Nowhere else have I had large fish rise to dries and seemingly kiss them, actually pushing them out of the water without ever opening their mouths, only to refuse the offering. Like all fishing destinations, the Provo River can be very kind to anglers at times and relentlessly cruel at others.
Wow… The fly fishing on the Provo River has finally turned on. The lovely weather that we were blessed with throughout January and February was delightful for those who don’t like being cold, but definitely suppressed the insect hatches that early season Provo River fly fisherman look forward to. The midges have decided that its time to start hatching and the blue winged olive nymphs are accumulating under the water and preparing for hatch as well. A few BWO’s are hatching sporadically but the best is yet to come.
Over the course of the last month we have visited the river multiple times per week in anticipation… sampling the river daily and testing the fishes willingness to take a fly. Apparently the fish and the bugs were getting as antsy as we were, because the insects are active and the fish are eating them.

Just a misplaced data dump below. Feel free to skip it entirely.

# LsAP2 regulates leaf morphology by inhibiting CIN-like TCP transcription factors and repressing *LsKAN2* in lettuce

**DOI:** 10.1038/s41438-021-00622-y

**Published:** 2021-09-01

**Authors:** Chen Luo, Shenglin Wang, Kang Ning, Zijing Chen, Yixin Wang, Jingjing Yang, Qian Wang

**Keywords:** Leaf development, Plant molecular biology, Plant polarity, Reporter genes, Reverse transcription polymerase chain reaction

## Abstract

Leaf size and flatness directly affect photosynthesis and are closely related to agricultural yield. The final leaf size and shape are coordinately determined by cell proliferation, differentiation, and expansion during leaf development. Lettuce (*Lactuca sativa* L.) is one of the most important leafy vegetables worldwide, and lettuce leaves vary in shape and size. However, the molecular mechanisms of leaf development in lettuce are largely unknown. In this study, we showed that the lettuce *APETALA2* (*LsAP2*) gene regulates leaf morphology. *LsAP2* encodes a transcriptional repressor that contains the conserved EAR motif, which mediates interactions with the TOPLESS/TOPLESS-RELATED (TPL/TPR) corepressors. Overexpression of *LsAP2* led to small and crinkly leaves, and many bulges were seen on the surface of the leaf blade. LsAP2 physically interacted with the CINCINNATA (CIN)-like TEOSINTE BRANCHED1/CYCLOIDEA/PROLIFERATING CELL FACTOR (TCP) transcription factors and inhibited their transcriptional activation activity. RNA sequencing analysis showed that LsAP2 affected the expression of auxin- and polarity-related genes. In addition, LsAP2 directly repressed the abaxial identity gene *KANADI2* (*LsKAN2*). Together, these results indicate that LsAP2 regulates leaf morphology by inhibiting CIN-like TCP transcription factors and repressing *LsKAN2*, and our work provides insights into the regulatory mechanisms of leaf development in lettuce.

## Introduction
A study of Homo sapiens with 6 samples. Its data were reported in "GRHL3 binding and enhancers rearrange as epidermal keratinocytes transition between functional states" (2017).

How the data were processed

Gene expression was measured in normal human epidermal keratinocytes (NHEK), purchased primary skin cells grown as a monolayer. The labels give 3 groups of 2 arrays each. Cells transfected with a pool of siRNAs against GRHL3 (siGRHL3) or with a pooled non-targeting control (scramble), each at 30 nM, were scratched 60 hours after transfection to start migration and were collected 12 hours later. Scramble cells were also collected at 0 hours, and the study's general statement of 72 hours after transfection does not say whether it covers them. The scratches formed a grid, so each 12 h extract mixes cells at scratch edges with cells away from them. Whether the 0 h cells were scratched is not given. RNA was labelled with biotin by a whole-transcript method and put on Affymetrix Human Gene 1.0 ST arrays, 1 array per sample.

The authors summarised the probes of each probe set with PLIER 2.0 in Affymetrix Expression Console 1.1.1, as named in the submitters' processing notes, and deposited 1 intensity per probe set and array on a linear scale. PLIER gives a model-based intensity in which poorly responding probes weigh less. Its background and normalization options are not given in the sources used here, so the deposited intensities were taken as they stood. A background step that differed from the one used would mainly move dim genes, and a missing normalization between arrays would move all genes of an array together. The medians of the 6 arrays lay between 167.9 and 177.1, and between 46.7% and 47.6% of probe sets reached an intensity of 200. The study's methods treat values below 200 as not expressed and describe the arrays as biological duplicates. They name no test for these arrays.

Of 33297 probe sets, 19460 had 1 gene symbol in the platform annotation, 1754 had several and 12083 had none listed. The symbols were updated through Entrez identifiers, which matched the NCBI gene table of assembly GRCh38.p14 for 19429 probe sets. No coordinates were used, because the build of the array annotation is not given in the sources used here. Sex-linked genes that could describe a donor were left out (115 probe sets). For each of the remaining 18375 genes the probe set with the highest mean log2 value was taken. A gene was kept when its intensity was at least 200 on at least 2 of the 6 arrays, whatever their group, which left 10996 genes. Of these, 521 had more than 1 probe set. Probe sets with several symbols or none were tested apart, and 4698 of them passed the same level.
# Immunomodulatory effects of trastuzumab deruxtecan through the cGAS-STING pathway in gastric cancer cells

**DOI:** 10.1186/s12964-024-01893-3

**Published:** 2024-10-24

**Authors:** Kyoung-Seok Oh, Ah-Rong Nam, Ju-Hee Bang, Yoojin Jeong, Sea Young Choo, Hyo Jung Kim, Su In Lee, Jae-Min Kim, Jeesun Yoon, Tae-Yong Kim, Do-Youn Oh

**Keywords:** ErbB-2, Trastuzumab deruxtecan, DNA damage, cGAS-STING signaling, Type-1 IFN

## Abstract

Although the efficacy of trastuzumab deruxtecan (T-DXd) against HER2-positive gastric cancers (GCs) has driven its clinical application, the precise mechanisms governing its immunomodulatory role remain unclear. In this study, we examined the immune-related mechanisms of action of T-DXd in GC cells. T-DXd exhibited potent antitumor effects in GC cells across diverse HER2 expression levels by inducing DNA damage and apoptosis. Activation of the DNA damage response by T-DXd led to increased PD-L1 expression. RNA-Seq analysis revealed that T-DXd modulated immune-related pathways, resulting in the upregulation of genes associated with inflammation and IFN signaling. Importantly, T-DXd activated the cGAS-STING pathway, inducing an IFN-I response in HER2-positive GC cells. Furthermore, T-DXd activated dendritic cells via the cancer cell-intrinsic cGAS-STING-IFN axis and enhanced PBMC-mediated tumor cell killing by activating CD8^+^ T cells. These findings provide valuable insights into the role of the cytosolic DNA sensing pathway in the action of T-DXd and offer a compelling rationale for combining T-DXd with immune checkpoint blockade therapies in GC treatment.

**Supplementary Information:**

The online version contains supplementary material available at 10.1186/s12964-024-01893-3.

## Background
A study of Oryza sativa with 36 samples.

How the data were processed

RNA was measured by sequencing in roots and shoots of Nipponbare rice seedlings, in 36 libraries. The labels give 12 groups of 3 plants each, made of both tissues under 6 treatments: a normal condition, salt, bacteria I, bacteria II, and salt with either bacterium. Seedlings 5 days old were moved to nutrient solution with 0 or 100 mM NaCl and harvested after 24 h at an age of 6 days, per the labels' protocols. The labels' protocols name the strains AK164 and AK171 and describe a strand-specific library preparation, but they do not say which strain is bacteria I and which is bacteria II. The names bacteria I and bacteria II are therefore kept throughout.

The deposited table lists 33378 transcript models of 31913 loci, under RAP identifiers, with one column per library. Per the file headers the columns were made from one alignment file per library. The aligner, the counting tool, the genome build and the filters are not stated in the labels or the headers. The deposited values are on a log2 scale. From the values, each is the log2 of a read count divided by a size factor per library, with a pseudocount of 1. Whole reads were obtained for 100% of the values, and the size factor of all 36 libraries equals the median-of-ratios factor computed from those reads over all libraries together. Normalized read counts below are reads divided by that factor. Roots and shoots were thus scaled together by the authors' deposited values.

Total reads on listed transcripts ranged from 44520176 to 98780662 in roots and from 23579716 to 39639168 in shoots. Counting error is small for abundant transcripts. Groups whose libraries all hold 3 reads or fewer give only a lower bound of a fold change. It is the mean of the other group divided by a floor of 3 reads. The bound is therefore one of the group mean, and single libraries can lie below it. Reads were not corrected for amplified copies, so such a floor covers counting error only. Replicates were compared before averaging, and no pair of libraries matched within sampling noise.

During the pre-hatch periods, we have been catching most of our fish on small midge larva and pupa patterns as well as small mayfly nymphs. Daily hatches have been good but sporadic and unpredictable. During the course of a day, we’ve seen the hatch start and stop many times, almost like someone is turning a switch on and off. The fishing is good subsurface with nymphs and all of a sudden the fish start rising all around to emergers and dry flies. After landing a few fish on top using dry flies and emergers, they all seem to turn off, and back to nymphing we go. This pattern repeats itself a few times over the course of the day.
Fly patterns we have done well with include a variety of mayfly nymphs, size 18 midge crossover nymphs in color ranges from black, olive and gray, mayfly and midge emerger patterns and a few bwo dry flies.
The BWO and midge hatches of March and April are by far, one of our favorite times to fish the Provo River. Crowds are minimal, water level and clarity is superb and fish are feeding…
When you fish your fly line, it will pick up dirt and pollen and consequently, it will not float as high or shoot well. If your line is not performing as well as it used to, bring your reel in anytime. We will gladly put your reel on our line cleaning machine where we will clean, rinse, dry and recondition your fly line. We do several per day for our customers. It takes about five minutes, while you wait. Your fly line will perform better, last longer, and the price is right… Free!